This isn't the first time they have tried this approach, as Shorts was already being funded via the creator funds, as well as fan-sponsored shopping and tips. YouTube itself contributed around $100 million to these creator funds to help generate revenue for popular creators. But this is the first time they are actually talking about adding it to their official YouTube Partner Program. This showcases the legitimacy of the whole format, as well as YouTube's commitment to making this a viable category for creators.
To make this goal a reality, they are also working hard on overhauling the browsing experience for potential users. Recently, they added a feature that lets creators reply to fan comments in the Shorts section in hopes of increasing fan engagement. Creators can even select special comments and feature them on their channels. They will even notify the commenter if and when their comment is highlighted, so they can come back to interact some more.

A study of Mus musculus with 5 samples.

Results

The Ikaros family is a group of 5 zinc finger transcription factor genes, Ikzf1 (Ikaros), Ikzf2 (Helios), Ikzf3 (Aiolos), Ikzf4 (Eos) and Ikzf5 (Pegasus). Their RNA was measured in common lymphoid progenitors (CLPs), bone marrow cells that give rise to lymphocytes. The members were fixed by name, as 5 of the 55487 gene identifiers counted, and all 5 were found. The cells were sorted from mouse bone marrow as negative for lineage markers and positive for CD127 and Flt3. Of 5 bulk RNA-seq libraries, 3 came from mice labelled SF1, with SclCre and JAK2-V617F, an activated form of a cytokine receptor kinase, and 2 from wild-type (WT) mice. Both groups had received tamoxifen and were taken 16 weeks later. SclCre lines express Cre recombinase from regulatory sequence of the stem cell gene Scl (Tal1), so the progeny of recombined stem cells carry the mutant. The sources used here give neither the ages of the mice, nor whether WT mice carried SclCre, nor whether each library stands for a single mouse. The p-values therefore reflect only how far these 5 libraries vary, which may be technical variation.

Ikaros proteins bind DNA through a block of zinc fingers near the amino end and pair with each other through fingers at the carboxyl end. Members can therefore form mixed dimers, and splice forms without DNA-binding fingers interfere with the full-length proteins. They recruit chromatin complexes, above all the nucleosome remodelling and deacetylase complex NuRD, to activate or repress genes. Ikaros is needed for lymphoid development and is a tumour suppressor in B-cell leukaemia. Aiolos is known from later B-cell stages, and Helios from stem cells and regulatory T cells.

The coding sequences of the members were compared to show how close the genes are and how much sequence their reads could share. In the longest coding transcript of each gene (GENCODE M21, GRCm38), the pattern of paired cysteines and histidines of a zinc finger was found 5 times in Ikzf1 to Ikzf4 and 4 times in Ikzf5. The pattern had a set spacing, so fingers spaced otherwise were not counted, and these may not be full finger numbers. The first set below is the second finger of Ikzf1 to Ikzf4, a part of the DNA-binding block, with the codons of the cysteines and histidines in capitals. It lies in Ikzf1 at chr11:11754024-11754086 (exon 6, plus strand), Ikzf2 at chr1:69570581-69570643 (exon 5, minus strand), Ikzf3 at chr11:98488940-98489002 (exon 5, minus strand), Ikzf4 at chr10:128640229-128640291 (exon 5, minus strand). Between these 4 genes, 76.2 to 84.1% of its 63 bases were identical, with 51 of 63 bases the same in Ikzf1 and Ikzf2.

All of this and more, in hopes of retaining the roughly 1.5 billion users who now watch YouTube Shorts on a regular basis. This is still just the tip of the iceberg, as market leaders like TikTok are still quite a ways ahead when it comes to both creators and viewer count. To close this gap, the company is trying all sorts of radical ideas, including the introduction of a whole new tool that lets you edit longer videos into shorts right within the app interface, called 'Edit into a Short'.
They are also making it easier for shorts creators to get monetization, even if they don't qualify for the existing partner program. By adding these new monetization options, in addition to other existing services like tips, subscriptions and merch counters, the company is hoping to bring back a large number of creators that have left the platform in hopes of building a new audience base. Only time will tell if these efforts will bear fruit or if this will be just another stopgap in the eventual decline of the shorts platform.